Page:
Effective July 1, 2018, Massachusetts has amended its equal pay act. The new law makes it easier for an employee to prove that she (or he) was paid less than employees of a different gender for performing comparable work. The law also prohibits employers from seeking information about a job applicant’s salary history and from maintaining policies which prohibit employees from sharing information about their wages and other compensation.

Here are some answers to commonly-asked questions about the new law. Please note these are only summaries which do not address all of the provisions of the law.

Q: Which employers are covered?
A: All employers with at least one employee in Massachusetts.

Q: Doesn’t Massachusetts already have an equal pay act?
A: Yes, but a decision by the Supreme Judicial Court in 1995 (Jancey v. School Committee of Everett) interpreted the existing statute to require lower-paid female cafeteria employees to prove that their job was comparable in “substantive job content” to higher paid male janitors.

Q: How does the new law change that?
A: The new law defines “comparable work” as work that requires substantially similar skill, effort and responsibility and is performed under similar working conditions. This is basically what the trial court found in the Jancey case about the positions of the cafeteria employees and the janitors, but the SJC ruled otherwise by requiring proof of similar job content.

Q: What pay practices are illegal under the new law?
A: Employers are prohibited from discriminating on the basis of gender in the payment of wages, benefits or other compensation, and from paying any person a salary or wage rate less than the rates paid to employees of a different gender for comparable work.

Q: Are there any exceptions to the requirement of equal pay?
A: Yes, variations in wages are permitted if based upon: (a) a bona fide system that rewards seniority with the employer; (b) a bona fide merit system; (c) a bona fide system which measures earnings by quantity or quality of production or sales; (d) the geographic location in which a job is performed; (e) education, training or experience to the extent such factors are reasonably related to the particular job in question and consistent with business necessity; or (f) travel, if the travel is a regular and necessary condition of the particular job.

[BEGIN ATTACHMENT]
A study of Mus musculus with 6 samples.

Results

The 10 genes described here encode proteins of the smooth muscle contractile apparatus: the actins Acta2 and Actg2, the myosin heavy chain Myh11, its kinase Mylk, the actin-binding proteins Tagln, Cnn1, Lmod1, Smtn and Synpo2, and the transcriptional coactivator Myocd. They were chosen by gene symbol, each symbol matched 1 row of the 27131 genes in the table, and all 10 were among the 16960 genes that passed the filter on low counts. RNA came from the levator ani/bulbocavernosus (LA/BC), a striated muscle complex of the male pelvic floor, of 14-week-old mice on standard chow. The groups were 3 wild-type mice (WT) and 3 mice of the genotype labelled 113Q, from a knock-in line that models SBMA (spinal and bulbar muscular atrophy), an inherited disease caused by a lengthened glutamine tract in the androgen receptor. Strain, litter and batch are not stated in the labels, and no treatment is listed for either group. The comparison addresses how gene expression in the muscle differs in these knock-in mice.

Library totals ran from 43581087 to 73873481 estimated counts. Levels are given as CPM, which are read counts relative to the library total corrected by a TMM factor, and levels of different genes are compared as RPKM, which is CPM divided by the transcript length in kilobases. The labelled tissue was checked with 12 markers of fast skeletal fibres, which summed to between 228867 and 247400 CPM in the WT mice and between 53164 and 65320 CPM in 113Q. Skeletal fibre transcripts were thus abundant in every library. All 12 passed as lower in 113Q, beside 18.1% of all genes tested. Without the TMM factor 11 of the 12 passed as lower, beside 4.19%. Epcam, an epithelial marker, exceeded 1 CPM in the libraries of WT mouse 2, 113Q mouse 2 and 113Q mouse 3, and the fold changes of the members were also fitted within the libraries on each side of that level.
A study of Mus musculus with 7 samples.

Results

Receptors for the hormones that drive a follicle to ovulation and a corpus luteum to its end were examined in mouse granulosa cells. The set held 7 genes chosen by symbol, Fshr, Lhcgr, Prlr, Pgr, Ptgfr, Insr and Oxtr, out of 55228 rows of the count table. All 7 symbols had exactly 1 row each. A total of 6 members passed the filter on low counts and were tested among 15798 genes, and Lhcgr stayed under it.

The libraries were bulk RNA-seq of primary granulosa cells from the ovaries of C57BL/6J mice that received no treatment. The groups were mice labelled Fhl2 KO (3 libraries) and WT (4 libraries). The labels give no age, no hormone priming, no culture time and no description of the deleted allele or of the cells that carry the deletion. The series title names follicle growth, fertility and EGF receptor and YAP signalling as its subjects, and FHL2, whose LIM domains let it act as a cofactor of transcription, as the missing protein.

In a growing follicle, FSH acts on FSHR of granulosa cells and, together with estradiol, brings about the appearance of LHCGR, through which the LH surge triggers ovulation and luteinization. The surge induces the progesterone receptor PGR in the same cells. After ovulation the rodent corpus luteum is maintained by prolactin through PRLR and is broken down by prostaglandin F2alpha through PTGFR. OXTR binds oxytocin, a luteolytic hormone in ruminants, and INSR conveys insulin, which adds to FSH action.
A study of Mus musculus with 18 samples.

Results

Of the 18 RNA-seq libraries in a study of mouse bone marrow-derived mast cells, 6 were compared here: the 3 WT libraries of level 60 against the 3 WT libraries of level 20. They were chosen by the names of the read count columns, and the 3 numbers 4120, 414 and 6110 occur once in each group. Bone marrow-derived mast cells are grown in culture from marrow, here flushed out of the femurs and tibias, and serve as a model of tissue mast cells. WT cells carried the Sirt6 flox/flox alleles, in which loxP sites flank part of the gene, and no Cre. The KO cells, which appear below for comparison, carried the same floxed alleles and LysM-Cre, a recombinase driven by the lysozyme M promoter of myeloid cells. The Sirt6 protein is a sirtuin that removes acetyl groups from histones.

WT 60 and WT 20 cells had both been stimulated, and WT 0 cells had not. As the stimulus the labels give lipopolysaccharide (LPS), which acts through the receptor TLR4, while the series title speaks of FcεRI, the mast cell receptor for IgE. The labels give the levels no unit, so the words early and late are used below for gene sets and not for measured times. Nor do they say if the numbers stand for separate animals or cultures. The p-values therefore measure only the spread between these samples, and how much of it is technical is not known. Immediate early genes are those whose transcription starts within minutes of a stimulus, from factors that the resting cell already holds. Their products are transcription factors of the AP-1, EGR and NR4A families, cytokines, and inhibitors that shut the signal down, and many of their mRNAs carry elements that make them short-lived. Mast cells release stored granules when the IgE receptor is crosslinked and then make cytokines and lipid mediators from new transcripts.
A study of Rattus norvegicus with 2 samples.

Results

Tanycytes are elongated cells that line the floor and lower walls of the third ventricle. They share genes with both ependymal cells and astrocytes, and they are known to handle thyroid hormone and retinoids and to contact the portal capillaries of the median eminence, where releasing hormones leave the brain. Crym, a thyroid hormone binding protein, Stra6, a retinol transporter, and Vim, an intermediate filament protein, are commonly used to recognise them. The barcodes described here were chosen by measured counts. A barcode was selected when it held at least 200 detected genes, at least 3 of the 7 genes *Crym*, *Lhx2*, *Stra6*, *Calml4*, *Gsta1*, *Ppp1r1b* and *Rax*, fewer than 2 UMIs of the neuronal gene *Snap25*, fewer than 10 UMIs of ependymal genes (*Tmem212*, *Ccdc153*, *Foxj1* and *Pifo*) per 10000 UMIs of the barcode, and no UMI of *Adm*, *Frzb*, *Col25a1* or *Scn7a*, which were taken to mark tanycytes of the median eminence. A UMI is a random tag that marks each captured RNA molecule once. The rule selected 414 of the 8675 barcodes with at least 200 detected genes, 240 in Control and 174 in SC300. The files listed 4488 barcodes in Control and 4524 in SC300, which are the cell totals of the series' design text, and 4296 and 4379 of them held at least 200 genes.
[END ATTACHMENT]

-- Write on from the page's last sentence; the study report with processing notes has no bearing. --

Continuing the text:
Q: What else does the law prohibit?
A: Employers cannot prohibit employees from inquiring about, discussing or disclosing information about either the employee’s own wages, including benefits or other compensation, or about any other employee’s wages.

Employers also cannot request or require that applicants disclose their prior wages or salary history, and cannot seek the salary history of an applicant from any current or former employer. As an exception, after an offer of employment has been made to an applicant,
the applicant can provide written authorization to a prospective employer to confirm prior wages.

Q: What if an employer decides to review its compensation practices to see if they comply with the law?
A: The law provides a defense to an employer who conducts a good-faith self-evaluation of its pay practices and can show reasonable progress towards eliminating compensation differentials based on gender for comparable work.

Q: Are employers required to notify employees of their rights under the new law?
A: Yes. All employers must post a notice “in a conspicuous place in at least 1 location where employees congregate” notifying employees of their rights under the state equal pay act.

At Boston Employment Law PC, we represent both employers and employees with respect to a wide variety of employment law issues. For more information, please contact Howard Brown at hmb@bostonemploymentlaw.com or at (617) 566-8090.